A long-running effort to reduce pollution from a Pennsylvania power plant accused of fouling New Jersey’s air may finally be nearing fruition.
The federal Environmental Protection Agency (EPA) accepted New Jersey’s Clean Air Act petition that seeks to force a Pennsylvania coal-fired power plant to dramatically reduce harmful air pollutants that drift over the Delaware River and into North Jersey, and which has caused longstanding public health concerns for residents living in that region, according to state Department of Environmental Protection (DEP) Commissioner Bob Martin.
The EPA, in accepting the state’s petition, has proposed a rule to require the power plant, operated by GenOn Energy (formerly Reliant or RRI Energy) in Portland, PA, to cut its sulfur dioxide emissions by 81 percent over a three-year period, significantly reducing pollutants that can aggravate asthma and cause other respiratory difficulties.
“It is a priority of this Administration to achieve improved air quality for all residents of New Jersey,” said Governor Chris Christie. “Targeting out-of-state air pollution that negatively impacts our state is just one of many initiatives we are undertaking to benefit the public health and improve our environment.”
Martin praised the federal decision. “Most important, this is a win for the public health and welfare of North Jersey residents, and especially people in Knowlton Township and Warren County, who have long been directly in the path of these unhealthy emissions,” he said. “That situation is not acceptable.”
Martin vowed to ensure that the federal process — prompted by the state’s filing of a Section 126 Clean Air Act petition — continues to move along as quickly as possible.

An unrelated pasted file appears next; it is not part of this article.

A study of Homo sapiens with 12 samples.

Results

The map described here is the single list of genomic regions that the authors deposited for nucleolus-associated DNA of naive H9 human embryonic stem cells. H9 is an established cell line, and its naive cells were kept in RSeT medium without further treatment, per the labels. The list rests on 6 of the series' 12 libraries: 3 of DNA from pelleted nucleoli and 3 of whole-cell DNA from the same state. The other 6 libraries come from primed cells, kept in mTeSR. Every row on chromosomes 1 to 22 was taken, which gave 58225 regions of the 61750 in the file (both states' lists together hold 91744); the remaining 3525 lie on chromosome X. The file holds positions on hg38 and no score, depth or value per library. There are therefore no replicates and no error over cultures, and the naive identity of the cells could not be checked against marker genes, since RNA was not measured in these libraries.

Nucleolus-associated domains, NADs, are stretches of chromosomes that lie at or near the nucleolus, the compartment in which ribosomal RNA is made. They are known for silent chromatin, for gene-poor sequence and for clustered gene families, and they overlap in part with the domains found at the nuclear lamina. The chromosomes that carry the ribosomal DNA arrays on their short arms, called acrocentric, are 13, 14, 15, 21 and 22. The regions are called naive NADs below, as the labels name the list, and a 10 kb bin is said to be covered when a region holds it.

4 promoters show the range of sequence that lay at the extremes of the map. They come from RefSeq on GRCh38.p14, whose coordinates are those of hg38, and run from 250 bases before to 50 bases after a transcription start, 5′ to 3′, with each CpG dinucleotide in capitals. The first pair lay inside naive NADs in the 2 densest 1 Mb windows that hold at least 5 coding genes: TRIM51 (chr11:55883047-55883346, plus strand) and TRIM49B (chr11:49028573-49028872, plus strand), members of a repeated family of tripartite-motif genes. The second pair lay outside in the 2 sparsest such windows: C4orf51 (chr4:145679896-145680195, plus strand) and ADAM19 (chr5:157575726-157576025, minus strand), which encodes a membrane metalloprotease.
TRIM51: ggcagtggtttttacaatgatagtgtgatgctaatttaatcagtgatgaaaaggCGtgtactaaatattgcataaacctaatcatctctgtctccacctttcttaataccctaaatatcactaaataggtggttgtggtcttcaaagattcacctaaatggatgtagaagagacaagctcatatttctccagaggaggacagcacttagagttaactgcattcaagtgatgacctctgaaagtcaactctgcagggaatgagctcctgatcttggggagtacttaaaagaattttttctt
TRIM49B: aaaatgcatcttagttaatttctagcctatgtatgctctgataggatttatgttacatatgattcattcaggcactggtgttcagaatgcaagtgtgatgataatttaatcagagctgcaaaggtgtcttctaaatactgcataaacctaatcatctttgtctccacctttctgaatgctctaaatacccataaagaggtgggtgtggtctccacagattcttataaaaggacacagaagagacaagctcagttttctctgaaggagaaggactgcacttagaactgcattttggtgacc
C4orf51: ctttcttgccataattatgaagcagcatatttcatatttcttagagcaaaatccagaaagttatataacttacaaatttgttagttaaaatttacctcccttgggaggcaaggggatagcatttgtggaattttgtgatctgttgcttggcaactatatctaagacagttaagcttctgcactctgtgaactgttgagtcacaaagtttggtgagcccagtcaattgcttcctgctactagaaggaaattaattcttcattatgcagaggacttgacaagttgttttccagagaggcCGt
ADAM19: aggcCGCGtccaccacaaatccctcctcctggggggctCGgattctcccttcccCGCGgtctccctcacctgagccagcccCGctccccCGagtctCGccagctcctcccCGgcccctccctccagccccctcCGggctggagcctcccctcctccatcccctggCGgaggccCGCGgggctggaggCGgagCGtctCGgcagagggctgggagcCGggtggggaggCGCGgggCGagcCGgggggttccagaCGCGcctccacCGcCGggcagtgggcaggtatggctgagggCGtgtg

The 126 Petition filed by the DEP in 2010 included evidence to show that damaging sulfur dioxide pollution produced by the GenOn power plant adversely impacts most of Warren County and sections of Sussex, Morris and Hunterdon counties, as well as at least three counties in Pennsylvania. The sulfur dioxide coming from the plant is known to cause a variety of adverse health effects, including asthma and respiratory failure, and environmental impacts such as acid rain.
GenOn’s power plant emitted more than 30,000 tons of sulfur dioxide in 2009, which is more than all seven of New Jersey’s coal-fired power plants combined that year.
The DEP believes modern air pollution controls, including a scrubber, should be installed to substantially reduce the Portland plant’s emissions. Improved sulfur dioxide and particle control also would reduce other hazardous air pollutant emissions, including hydrochloric acid, lead and mercury.
In addition to the 126 Petition to limit air pollution from this plant, the state also has an ongoing legal action against GenOn to reduce emissions of nitrogen oxides, as well as sulfur dioxide, at the Portland facility.
Those emissions, in the form of nitrogen oxides and fine particulate matter, are carried eastward by prevailing winds towards New Jersey, causing ozone smog pollution, visible haze and acid rain.
The EPA will accept written comments on the State’s 126 Petition until May 27.